I downloaded an example of data sharing between multiple views. The basic approach is to create an data model object in the base UIApplication and get/set data from/to it. So in the init method i saw the following code:

- (id) init;
    self.theAppDataObject = [[ExampleAppDataObject alloc] init];
    [theAppDataObject release];
    return [super init];

And after that, using delegate we can access this object.

id theDelegate = (id) [UIApplication sharedApplication].delegate;
    ExampleAppDataObject* theDataObject;
    theDataObject = (ExampleAppDataObject*) theDelegate.theAppDataObject;

So, my question is in the first code example. Why do we need to alloc memory for the theAppDataObject object, and immediately after that - release the object? Why don't we get nil when accessing this object later?



4 Answers 4

up vote 5 down vote accepted

I assume theAppDataObject is declared as @property (retain). Therefore, when setting the object by doing self.theAppDataObject (or [self setTheAppDataObject:]), this property will retain the ExampleAppDataObject. Therefore, you can release it afterwards.

When you alloc and init the ExampleAppDataObject, it's retain count goes up to 1. When you set the AppDataObject to this ExampleAppDataObject, it sends retain to it, so the retain count goes up to 2. You can then release your own ownership of the object; it won't get deallocated because theAppDataObject still has ownership.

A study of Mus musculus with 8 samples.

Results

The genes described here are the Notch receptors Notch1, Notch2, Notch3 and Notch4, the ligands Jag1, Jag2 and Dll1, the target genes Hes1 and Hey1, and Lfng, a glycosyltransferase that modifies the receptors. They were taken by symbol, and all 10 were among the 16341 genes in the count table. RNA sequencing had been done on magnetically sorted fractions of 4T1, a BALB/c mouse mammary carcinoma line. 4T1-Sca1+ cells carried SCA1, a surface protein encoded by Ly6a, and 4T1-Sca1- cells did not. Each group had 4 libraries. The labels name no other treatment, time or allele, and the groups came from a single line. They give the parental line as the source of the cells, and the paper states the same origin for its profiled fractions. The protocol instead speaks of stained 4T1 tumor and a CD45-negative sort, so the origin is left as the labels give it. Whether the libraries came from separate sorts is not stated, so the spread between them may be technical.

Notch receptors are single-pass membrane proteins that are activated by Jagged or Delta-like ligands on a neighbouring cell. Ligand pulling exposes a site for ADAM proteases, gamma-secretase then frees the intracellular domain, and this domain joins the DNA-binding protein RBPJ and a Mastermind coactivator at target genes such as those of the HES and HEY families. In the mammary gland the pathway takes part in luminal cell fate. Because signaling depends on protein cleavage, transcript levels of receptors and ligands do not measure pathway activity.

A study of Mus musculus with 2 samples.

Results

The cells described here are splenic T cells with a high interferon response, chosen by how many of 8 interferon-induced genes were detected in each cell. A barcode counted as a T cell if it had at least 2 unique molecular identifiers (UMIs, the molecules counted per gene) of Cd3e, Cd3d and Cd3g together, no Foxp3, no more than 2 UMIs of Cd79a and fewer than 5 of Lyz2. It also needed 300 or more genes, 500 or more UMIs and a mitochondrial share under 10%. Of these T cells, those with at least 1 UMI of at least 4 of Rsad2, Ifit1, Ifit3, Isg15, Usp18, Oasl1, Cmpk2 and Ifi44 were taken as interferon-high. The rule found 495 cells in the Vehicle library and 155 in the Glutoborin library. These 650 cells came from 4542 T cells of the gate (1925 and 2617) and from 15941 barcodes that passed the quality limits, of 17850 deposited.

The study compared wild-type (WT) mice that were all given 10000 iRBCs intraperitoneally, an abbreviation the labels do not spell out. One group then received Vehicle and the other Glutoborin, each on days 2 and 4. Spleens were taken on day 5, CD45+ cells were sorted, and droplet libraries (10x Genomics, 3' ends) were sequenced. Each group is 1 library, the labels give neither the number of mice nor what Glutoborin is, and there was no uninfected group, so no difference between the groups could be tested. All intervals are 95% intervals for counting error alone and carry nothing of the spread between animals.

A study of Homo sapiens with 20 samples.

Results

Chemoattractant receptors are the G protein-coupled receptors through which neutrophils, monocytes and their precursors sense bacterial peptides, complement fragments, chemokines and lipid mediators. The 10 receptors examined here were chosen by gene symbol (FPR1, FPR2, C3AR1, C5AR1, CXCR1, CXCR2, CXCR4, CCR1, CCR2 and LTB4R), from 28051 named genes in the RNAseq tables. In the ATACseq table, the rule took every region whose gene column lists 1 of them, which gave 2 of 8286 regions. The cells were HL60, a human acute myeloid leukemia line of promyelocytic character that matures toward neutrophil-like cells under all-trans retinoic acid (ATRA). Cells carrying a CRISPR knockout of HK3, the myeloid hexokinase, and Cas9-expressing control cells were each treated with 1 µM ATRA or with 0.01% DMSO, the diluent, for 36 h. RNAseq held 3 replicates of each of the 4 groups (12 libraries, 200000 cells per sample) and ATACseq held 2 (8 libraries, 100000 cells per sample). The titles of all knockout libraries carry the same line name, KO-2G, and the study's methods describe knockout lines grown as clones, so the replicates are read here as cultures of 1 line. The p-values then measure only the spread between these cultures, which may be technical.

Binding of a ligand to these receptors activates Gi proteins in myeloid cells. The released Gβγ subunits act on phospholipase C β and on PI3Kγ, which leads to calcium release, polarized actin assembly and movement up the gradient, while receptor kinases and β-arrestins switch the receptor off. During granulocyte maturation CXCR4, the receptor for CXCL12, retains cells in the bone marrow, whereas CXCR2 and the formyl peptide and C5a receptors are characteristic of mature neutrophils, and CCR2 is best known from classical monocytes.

If that makes sense.

The alloc init line increments the retain count of ExampleAppDataObject to 1. When you use the setter of theAppDataObject, this object sends retain to ExampleAppDataObject and it's retain count goes up to 2. You can therefore release your ownership of the object. – cabaret Aug 5 '11 at 12:02

That depends on how theAppDataObject property is defined. If it provides a retaining setter-accessor the retain count of the appDataObject will flip to 2, one more than needed here.

So release one of it.

Better and more understandable way would be to write

if ( (self = [super init]) ) {
    ExampleAppDataObject *myAppDataObject = [[ExampleAppDataObject alloc] init];
    self.theAppDataObject = myAppDataObject;
    [myAppDataObject release];

return self;


- (id) init
    // assign self. super may return another address
    self = [super init];
    // then check for nil
    if (self != nil) {
            // then assign the ivar directly because you should
            // not invoke methods of partially constructed objects
        theAppDataObject = [[ExampleAppDataObject alloc] init];
    // then return the address super returned
    return self;

now for your questions:

Why do we need to alloc memory for the theAppDataObject object, and immediately after that - release the object?

self.theAppDataObject calls through the setter, which retains, copies, or assigns theAppDataObject. in this case, we could assume it is highly likely to be retained.

Why don't we get nil when accessing this object later?

release does not set a pointer to nil. it sends a message to the object which then decrements the retain count (in the typical case). what you might have expected in this case is an object which has been deallocated. that does not happen when the argument is retained because the reference count does not reach zero in the program you have shown. the object is still alive because it's been retained and the address of the object stored when the setter (self.theAppDataObject = arg) is called.